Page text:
Josh Jessimen | Photography Editor
“Who knew raising $10 billion would be so difficult?” President Mike Fitts said, in his “A View from Gibson” email to the student body.
Fitts made a startling announcement this afternoon, calling off his “Only the Audacious” campaign. The cancellation is reportedly due to an alarming lack of audacity and persistent timidness on campus.
In a brief and informal interview with The Hullabaloo, Fitts expressed his disappointment about the cancellation.
“You’d think a school with 2,000 Jews could muster up a little more chutzpah,” he said. “Apparently, we just didn’t have it in us.”
Students reported shock and confusion about the announcement. A Hullabaloo investigation earlier this year found medium to high levels of audacity on campus.
“I really poured my everything into this campaign,” sophomore Johnny Fladoodle said. “I’m devastated about the announcement and don’t know what we could have done differently.”
We spoke with students who detailed the exact steps they took to bolster the campaign in its nascent stages.
“I did everything right — you can’t tell me this campaign’s failure is my fault,” senior Jeremiah Leventhorpe III said. “I skipped class all semester and took the midterm without studying. Audacious. I tried my fake on Frenchman. Audacious. I wore white shoes to a frat party. Audacious. I put my name down on every club’s email list at the activities expo. Audacious. I took out $300,000 in student loans. That’s as audacious as it gets!”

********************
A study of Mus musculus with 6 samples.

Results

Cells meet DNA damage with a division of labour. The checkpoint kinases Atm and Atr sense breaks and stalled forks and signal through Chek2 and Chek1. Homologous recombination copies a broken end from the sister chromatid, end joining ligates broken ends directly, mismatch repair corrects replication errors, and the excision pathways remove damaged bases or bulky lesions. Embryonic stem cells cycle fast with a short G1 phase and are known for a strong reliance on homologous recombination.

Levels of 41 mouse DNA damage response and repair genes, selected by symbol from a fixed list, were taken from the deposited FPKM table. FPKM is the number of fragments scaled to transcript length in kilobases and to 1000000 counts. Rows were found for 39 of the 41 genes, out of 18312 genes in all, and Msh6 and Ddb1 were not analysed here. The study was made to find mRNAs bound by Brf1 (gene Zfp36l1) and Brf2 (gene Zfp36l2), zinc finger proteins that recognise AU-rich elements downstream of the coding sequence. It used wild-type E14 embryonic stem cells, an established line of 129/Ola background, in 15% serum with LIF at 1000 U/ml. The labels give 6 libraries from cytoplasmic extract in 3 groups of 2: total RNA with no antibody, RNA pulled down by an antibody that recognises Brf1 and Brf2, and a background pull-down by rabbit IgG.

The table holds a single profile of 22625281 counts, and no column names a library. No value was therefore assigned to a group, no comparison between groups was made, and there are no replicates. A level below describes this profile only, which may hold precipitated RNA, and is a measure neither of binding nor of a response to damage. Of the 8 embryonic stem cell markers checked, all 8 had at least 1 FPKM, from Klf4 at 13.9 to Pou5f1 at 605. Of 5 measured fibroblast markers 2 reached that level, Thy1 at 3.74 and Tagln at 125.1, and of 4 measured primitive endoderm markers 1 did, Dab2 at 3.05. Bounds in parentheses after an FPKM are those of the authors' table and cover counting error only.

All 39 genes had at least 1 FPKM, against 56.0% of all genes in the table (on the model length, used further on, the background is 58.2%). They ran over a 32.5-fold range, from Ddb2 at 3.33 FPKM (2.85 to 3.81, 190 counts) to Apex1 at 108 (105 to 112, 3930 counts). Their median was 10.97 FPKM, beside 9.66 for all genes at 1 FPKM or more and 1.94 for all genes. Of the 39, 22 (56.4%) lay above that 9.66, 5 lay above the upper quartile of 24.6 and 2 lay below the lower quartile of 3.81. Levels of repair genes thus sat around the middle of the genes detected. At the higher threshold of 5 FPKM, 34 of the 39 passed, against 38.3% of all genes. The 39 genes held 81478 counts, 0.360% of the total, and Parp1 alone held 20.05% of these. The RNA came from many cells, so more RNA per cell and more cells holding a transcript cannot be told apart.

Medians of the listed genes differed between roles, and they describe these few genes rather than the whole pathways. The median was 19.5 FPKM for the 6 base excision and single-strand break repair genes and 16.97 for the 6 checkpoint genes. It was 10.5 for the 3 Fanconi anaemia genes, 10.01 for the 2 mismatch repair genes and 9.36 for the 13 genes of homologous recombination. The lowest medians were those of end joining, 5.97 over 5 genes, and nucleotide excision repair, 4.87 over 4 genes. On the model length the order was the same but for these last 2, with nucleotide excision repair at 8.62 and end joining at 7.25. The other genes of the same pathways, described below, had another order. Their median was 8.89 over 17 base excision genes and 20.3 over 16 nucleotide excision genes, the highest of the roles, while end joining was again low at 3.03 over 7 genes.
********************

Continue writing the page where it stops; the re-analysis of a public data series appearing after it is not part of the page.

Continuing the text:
Some believe the cancellation is due to a similar campaign at the Louisiana State University. Mere hours after Fitts announced his “Only the Audacious” project, students at LSU received an email about a “Simply the Intrepid” campaign.
The next day, LSU’s fundraising website crashed as it was flooded by donors eager to give. By the end of the day, the website was up and running again and the campaign had earned $11 billion for the University.
“This is just so unfair,” Seymour Buttz said “We need this money way more than LSU does.”
Moving forward, Fitts has created a Presidential Commission on “Earning Fat Bills.” Part of the commission’s responsibility is to identify what qualities Tulane is able to rally behind.
Early findings are showing high levels of moxie, spunk, gumption, pluck and grit.
“I don’t know how we missed it,” commission member Sandy Johnson said. “Clearly moxie outranks audacity on a 5-3 ratio, if you multiply it by the gumption coefficient. This was a glaring mistake on all our parts.”
Despite his own and many students’ disappointments, Fitts is eager to find a positive attitude about the news.
“I was upset earlier but I think this can be a growing experience,” Fitts said. “Maybe this doesn’t show our lack of audacity, but instead demonstrates our propensity for caution and practicality. Who needs big bold moves when we can take careful and quiet steps? Only at Tulane, Only the Mediocre!”